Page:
Willem de Kooning Police Gazette 1955
The best comment on the June 13 Jeff Sessions Senate testimony, and I’m sorry I forgot who made it, was that it looked like an episode of Seinfeld. A show about nothing. Still, an awful lot of voices tried to make it look like it was something life- and game-changing. It was not. Not anymore than Comey’s testimony was, at least not in the sense that those eager to have these testimonies take place would have liked it to be.
Comey shone more of an awkward light on himself rather than on Donald Trump, by admitting that he had leaked info on a private conversation with the president he served at the time. Not quite nothing, but very little to satisfy the anti-Trump crowd. It’s just that there’s so many in that crowd, and most in denial, that you wouldn’t know it unless you paid attention.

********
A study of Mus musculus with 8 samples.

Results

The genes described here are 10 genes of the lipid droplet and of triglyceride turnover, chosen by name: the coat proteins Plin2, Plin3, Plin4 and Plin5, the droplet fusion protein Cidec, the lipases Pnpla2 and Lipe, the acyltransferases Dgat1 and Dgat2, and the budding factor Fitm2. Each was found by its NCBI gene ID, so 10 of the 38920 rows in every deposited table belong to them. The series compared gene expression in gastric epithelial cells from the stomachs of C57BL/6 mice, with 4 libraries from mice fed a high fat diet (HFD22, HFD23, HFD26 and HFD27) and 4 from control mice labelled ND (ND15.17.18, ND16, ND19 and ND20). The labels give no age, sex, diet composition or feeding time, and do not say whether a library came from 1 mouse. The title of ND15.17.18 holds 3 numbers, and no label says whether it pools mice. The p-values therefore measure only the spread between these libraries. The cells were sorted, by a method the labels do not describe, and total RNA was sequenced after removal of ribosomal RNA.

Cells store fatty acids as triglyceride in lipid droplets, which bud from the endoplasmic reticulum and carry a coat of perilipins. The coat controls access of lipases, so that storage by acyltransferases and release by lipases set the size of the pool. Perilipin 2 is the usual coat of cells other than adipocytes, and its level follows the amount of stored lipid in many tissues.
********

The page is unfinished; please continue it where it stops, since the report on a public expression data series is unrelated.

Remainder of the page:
To cut to the chase of the issue, it’s no longer possible -or at least increasingly difficult- to find coverage in the US -and European- press of anything related to either Trump or Russia that doesn’t come solidly baked in a partisan opinionated sauce.
For instance, I have a Google News page, somewhat personalized, and I haven’t been able to open it for quite some time without the top news articles focusing on Trump and/or Russia, and all the ones at the very top are invariably from the New York Times, Washington Post, CNN, The Hill, Politico et al.
But I am not interested in those articles. These ‘news’ outlets -and you really must ask whether using the word ‘news’ is appropriate here- dislike anything Trump and Putin so much, for some reason, that all they do is write ‘stuff’ in a 24/7 staccato beat based on innuendo and allegations, quoted from anonymous sources that may or may not actually exist.